Get 6 Free Issues! In , after years of intensive study, California physician August Accetta reached his conclusion about the Shroud of Turin. In his mind, the scientific evidence was overwhelming. The Shroud, indeed, is the burial cloth of Jesus Christ.
Shroud of Turin Leads to Conversions, Founding of Shroud Center
Shroud of turin second carbon dating - Sunflower Chong Sun Wah
The Shroud of Turin - Evidence it is authentic. Below is a summary of scientific and historical evidence supporting the authenticity of the Shroud of Turin as the ancient burial cloth of the historical Jesus of Nazareth. Michael Fischer, adapted from the original article by John C. The Shroud is a linen cloth woven in a 3-over-1 herringbone pattern, and measures 14'3" x 3'7". These dimensions correlate with ancient measurements of 2 cubits x 8 cubits - consistent with loom technology of the period. The finer weave of 3-over-1 herringbone is consistent with the New Testament statement that the "sindon" or shroud was purchased by Joseph of Arimathea, a wealthy man. In , there was a fire in the church in Chambery, France, where the Shroud was being kept.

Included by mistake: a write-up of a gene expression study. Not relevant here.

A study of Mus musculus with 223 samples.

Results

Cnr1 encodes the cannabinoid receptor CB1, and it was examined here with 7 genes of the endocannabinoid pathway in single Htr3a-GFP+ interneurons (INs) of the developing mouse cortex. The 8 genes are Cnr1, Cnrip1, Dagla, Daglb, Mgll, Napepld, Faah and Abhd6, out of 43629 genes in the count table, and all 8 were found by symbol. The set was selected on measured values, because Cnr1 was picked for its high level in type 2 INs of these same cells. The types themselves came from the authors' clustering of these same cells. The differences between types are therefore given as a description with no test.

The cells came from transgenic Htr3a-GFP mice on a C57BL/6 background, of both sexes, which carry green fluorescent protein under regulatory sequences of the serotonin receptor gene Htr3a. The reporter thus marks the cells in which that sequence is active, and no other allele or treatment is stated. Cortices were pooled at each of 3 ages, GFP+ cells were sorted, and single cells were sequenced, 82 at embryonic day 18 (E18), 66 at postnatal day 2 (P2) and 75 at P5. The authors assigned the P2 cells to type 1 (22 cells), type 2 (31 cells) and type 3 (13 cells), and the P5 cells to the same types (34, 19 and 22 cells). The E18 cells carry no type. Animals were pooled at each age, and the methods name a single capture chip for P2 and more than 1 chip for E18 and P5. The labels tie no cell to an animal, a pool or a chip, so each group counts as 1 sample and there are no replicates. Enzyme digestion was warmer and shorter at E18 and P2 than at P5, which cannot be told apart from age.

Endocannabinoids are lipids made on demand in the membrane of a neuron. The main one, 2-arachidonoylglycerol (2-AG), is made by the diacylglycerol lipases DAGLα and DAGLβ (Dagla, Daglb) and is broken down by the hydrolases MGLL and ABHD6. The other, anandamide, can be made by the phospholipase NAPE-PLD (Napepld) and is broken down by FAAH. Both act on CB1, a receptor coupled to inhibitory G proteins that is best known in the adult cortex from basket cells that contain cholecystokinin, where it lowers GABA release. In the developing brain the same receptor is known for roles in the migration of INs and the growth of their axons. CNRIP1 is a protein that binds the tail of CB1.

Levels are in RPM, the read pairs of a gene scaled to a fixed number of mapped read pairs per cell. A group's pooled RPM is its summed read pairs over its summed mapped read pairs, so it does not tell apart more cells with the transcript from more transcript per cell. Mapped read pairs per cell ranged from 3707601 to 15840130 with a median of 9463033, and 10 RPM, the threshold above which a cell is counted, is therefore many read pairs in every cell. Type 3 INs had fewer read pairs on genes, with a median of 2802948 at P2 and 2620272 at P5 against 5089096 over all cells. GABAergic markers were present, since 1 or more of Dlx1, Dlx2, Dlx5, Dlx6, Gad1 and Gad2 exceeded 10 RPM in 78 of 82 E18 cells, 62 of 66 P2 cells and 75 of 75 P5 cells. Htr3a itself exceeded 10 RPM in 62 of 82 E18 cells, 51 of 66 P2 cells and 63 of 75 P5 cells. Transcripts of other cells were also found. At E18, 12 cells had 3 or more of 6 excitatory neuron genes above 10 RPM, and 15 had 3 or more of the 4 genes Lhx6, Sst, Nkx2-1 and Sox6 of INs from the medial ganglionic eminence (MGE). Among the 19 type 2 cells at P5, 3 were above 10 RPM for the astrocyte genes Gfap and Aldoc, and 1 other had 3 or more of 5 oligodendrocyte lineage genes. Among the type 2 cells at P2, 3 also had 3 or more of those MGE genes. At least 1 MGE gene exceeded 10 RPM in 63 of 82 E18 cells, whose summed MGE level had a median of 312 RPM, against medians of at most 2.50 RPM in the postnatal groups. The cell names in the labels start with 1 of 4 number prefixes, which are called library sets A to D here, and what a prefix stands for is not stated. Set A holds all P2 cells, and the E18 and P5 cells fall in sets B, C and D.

Get 6 Free Issues! A new French-Italian study on the Shroud of Turin throws doubt on what many thought was the definitive dating of the cloth believed by millions to be the burial cloth of Jesus Christ. This latest two-year study was headed and funded by French independent researcher Tristan Casabianca, with a team of Italian researchers and scientists: Emanuela Marinelli, who has written extensively about the shroud; Giuseppe Pernagallo, data analyst and senior tutor at the University of Catania, Italy; and Benedetto Torrisi, associate professor of economic statistics at the University of Catania. In radiocarbon tests on the Shroud of Turin dated the cloth to between and
After decades of speculation, new research suggests that the Shroud of Turin, one of the Catholic Church's holiest relics, may be the real deal. Believed by some to have been Jesus' burial cloth, the Shroud has been the subject of much research. The latest battery of experiments led experts to conclude the cloth may have come from the first century A. Giulio Fanti, a professor of mechanical and thermal measurement at the University of Padua, announced the findings in a book that hit shelves Wednesday in Italy, reports Vatican Insider. Fanti has written several papers about the shroud, including one in that hypothesized how radiation could have caused the image of a man's bloody face and body to appear on the cloth.